Main questions are:
Does hibernation/suspend2disk require a supend-partition (primary?) or is a hibernation file (like Windoze uses) sufficient?
I've read that it's not possible to hibernate linux if your bootloader (grub in my case) is located in MBR (also my case), and only possible if it's located on /boot. Is this the case, and if, how do I move my bootloader from MBR to /boot?
Assuming the above problems are solved, what exactly do I have to do to make my linux hibernate? Is there a utility available to make all the appropriate arrangement?
As you've probably understood by now, hibernation/suspend2disk is something I really want to make work, and if anyone have any input at all, it'll be greatly appreciated.
Sorry about the bad english (not my native language), and thanks for reading!
Forgot to metion, but suspend and apm works fine, I can suspend the machine manually, automaticly or by closing the lid.
The difference between suspend and suspend to disk is that suspend never shut down the entire machine, i.e keeping information in ram (draws power), while suspend to disk copies everything to disk and shuts down completely.
I am looking to do a "hibernate" feature with linux so i can dump winxp (right now its just so conveninent to be running in 15sec). can i do this with Red Hat 7.3?? If so, how? If not, how can i do it in Red hat 8 .. .which I could download :-)
True, checked it out som time ago. But I got the impression that it wasn't One good solution, but more tweaking and tuning to get it to work. And it isn't clear whether it's necessary to have a hibernation partition or not. That's why I'm still searching
I've read about "swsusp" patches for the Linux kernel, which is "suspend to disk", I think is the same as hibernate (?).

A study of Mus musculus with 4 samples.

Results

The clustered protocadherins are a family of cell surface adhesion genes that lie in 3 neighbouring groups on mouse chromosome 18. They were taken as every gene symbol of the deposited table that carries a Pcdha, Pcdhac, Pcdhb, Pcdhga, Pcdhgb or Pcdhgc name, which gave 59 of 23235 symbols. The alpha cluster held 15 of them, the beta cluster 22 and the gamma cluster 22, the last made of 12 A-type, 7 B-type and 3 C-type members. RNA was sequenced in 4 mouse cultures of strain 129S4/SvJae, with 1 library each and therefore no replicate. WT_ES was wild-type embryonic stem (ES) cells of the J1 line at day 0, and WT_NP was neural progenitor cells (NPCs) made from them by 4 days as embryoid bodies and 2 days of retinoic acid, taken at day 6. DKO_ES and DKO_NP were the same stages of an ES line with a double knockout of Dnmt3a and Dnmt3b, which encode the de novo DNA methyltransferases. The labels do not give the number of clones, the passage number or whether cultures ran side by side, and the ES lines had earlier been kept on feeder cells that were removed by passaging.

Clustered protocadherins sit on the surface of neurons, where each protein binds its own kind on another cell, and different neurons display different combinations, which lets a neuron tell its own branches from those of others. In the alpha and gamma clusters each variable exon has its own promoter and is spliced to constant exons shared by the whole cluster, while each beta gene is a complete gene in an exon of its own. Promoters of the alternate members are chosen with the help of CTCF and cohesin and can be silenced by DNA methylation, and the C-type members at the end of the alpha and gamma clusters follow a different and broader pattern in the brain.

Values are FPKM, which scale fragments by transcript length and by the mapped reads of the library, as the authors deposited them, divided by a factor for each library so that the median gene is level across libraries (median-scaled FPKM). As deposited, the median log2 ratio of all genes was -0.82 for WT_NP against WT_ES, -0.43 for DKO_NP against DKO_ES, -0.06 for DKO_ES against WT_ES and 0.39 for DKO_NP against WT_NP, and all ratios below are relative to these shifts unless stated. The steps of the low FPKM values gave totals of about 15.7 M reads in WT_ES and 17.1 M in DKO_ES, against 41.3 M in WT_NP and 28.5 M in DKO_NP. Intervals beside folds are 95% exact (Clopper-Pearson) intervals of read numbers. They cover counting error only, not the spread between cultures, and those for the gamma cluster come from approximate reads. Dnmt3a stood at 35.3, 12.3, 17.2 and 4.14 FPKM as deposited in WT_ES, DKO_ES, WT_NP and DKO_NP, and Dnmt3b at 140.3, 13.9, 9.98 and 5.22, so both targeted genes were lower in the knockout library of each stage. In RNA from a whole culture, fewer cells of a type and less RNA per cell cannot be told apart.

One thread says (I quote):
>>On many laptops, the suspend-to-disk feature is controlled by the BIOS and requires a FAT partition as the first partition on the disk. A DOS utility or its Linux equivalent "phdisk" writes a file ~ the size of the machine's RAM that's composed of contiguous sectors to this partition, then writes the location of the start and end sectors to some secret place in the NVRAM. Then you can trigger the suspend-to-disk feature with a special key sequence regardless of what OS you're running, often Fn-F12.
>>If that doesn't work, the "swsusp" patches for the Linux kernel add similar functions that take slightly longer to complete, but work everywhere.
but being a Linux newbie, I'm pretty intimidated by this. And I'd rather work on my laptop than have to repartition and start over.
It has been a while since this thread was touched, and I never got around to installing Linux because of this issue.
Now that Red Hat Linux 9.0 is out, is there any ACPI support? What about the original issue of suspend-to-disk, where the RAM contents are written to the harddrive so that the machine boots faster by restoring everything?
gig103, to get ACPI in RH 9, one needs to compile it afterwards, there is no generic ACPI support in RH 9.0 (at least to my knowledge). The next RH release will be based on kernel 2.4.21 (I think), which has much better ACPI support (most of the ACPI work done for kernel 2.5 and 2.6 have been inkluded in 2.4.21). Think I got that correct
Anyways, if ACPI is a key issue, and you don't vant to compile the lot on your own, it would be wise to either wait for the next RH release or consider another distro.
just as a reminder, the swsusp patch needs a plain vanilla kernel; it won't work with the RH9 kernel source.
A really brief howto:
1. download a vanilla kernel source from www.kernel.org.
2. su to root.
3. cd /usr/src
4. tar -zxvf kerelxxxxx.gz or tar -jxvf kernelxxxxx.bz2
5. ln -s /usr/src/the_new_kernel /usr/src/linux
6. download the current swsusp patch from http://sourceforge.net/project/showf...group_id=25964.
7. bzip2 -dc < /path_to_the_swsusp_patch | patch -p1
8. make xconfig, enable the software suspend in the general setup section. (plus properly configuring ur kernel, you can find more help from the forum)
9. make dep clean bzImage
10. install the new kernel.
11. download the suspend script from http://sourceforge.net/project/showf...group_id=25964.
12. install the script.
13. append "resume=your swap partion" to ur kernel parameters in grub or lilo.
This is just a very brief summary. For more information, please refer to the swsusp's doc.
1. There might be some risk trying that out.
2. before applying a patch, it's a good idea to run with --dry-run option to see if the patch applied cleanly.